Turned notoriously vain by clamouring crowds of adoring fan-boys and -girls, Oh Jeremy Corbyn behaved at times as if selfie-ism would propel him into Downing Street. Tens of thousands of phone photographs didn’t prove a winning strategy when Labour crashed to its worst Westminster result since 1935, so perhaps Keir Starmer shouldn’t be too upset about how few people want to be photographed with him – particularly his own party’s MPs. My snout whispered that fewer than 20 invitations were accepted to be snapped alongside Starmer during a drop-in day at the opposition leader’s lair. Corbyn’s fate may have proved the camera does lie if it’s used as a popularity monitor, but getting fewer than a score is the political equivalent of a gagging clause.
Human sieve Rishi Sunak’s Budget leaks, with daily multiple press releases spewed out by the Treasury since the weekend, might have Hugh Dalton turning in his grave. Clement Attlee’s first chancellor was sacked in 1947 for telling a reporter on his way to the Commons to deliver a budget that he’d put a penny on beer, nothing on fags and double the profits tax. The Star, a now-defunct London evening newspaper, hit the streets 30 minutes before Dalton got to his feet and he was gone the following day. Speaker Lindsay Hoyle’s “resign” dig at Sunak – “At one time, ministers did the right thing if they briefed before a budget, they walked” – offered a hint of fizzing anger. Both men are coke addicts. Hoyle drinks the diet brand following a diabetes diagnosis, while Sunak still glugs the sugary variety. The Chancellor will need the energy when his diet could soon include painfully long sessions answering endless questions at all times of the day and night.
Claudia Webbe has temporarily postponed parliamentary meetings after being branded an untruthful witness by a judge. Webbe was found guilty on 13 October of harassing a female friend of her fiancé by threatening to throw acid and send intimate photographs of the woman to her family. The Leicester East MP, who has had the Labour whip removed, intends to appeal the verdict and told one correspondent that she’d be in touch in “early November” to reschedule their meeting. Sentencing is on 4 November and the judge has warned jail is a possibility. My informant in the Midlands reports that Webbe’s disgraced predecessor, Keith Vaz, is turbo-charged by the scent of a by-election in the constituency.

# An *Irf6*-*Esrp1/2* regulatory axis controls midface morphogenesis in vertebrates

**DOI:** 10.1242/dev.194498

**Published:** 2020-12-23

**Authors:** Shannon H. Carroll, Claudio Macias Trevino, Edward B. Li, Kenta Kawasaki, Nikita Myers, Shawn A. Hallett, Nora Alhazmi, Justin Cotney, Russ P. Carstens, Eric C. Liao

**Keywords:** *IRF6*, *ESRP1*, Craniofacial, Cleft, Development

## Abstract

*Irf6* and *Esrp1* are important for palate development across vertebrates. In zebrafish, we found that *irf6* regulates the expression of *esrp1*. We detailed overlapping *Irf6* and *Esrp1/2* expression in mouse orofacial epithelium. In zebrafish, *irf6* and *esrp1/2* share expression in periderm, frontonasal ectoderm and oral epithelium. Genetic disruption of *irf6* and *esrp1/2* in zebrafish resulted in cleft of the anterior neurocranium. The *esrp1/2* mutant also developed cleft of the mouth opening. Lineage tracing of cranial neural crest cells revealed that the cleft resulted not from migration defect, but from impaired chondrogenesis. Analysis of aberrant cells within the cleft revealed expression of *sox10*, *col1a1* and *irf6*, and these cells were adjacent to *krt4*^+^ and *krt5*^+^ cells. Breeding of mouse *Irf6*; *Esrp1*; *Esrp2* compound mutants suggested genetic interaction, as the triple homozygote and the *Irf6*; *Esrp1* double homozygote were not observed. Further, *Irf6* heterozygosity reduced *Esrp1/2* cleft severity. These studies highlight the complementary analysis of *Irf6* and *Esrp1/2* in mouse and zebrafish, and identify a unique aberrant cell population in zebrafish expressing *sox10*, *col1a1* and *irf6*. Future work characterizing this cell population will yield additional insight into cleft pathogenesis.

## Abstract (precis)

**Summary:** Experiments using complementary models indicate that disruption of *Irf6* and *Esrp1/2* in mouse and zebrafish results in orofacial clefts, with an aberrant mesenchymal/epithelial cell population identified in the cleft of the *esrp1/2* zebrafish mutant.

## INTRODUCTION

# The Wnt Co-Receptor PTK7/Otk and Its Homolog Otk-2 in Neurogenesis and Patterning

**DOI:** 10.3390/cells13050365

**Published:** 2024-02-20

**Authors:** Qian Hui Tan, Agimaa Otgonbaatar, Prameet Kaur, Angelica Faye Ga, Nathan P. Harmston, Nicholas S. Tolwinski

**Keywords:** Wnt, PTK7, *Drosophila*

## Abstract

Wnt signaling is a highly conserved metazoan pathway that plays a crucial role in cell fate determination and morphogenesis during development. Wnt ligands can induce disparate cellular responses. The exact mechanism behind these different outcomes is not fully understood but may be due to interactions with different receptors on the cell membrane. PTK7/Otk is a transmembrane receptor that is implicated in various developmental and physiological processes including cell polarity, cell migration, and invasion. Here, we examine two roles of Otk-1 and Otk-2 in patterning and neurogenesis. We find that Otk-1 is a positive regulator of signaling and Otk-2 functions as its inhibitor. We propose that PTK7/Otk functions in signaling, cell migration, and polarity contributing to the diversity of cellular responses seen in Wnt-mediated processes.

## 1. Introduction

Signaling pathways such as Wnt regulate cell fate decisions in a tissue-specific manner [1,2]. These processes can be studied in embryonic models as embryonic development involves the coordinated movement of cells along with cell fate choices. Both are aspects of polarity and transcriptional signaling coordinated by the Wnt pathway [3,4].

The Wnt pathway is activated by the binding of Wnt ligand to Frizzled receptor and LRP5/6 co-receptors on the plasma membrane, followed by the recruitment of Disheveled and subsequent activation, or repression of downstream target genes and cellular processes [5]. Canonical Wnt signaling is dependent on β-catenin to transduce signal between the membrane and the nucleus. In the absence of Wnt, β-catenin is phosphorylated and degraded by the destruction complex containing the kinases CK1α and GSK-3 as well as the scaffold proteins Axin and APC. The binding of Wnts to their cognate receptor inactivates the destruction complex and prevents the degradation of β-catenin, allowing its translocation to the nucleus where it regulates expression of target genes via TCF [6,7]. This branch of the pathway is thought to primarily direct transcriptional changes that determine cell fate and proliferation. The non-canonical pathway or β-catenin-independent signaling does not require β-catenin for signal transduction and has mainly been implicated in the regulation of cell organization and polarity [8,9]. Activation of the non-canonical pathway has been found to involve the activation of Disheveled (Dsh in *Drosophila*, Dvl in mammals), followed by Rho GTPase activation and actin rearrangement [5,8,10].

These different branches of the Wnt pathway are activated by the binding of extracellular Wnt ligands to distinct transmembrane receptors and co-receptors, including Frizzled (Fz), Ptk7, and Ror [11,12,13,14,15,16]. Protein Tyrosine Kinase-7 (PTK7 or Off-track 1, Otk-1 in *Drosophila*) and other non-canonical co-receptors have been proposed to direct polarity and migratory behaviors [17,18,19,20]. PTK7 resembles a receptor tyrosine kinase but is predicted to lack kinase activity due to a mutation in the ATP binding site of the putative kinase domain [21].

Tory whips are growling over the large number of MPs unhappy with boundary changes that could gift the party up to ten net gains. Hero of the Afghanistan retreat Ben Wallace and Lichfield lip Michael Fabricant are known to be unhappy at the butchering of their seats and my informant muttered that dozens are revolting over local proposals. The word is that the dispossessed will be rehoused, with the elderly persuaded to retire through offers of public posts, gongs and peerages – assured that Johnson will be able to deliver because the Tories are favourites to win the next general election. What could possibly go wrong?
Former chief whip Andrew Mitchell‘s surprisingly readable memoir detailing how he fell out of the establishment – the High Court judge who found against him in a £2m libel battle with the Sun hailed him with “I do hope we are not on bad terms” across a London club drawing room, as if they’d been at prep school together – is packed with interesting snippets. Mitchell records in Beyond A Fringe that voluminous and potentially libellous files on wannabe parliamentary candidates, including a young Margaret Thatcher and John Major, went up in flames on a bonfire in the then party chairman’s back garden after Tony Blair brought in the Data Protection Act. Boris Johnson’s first application was to be an MEP like dad Stanley rather than an MP, recalls Mitchell. Given the job of vetting candidates, Mitchell’s approval of the straight-banana Europhobe enraged Major. “What the fuck do you mean by putting Boris Johnson on the candidates list?” asked an incandescent PM of Mitchell. Johnson was later persuaded to withdraw an application for a safe European seat. Tory MEPs condemned him as “a cynical journalist, a chancer, a brand not a politician, a less than honest political thorn” in Major’s side. The rest is history.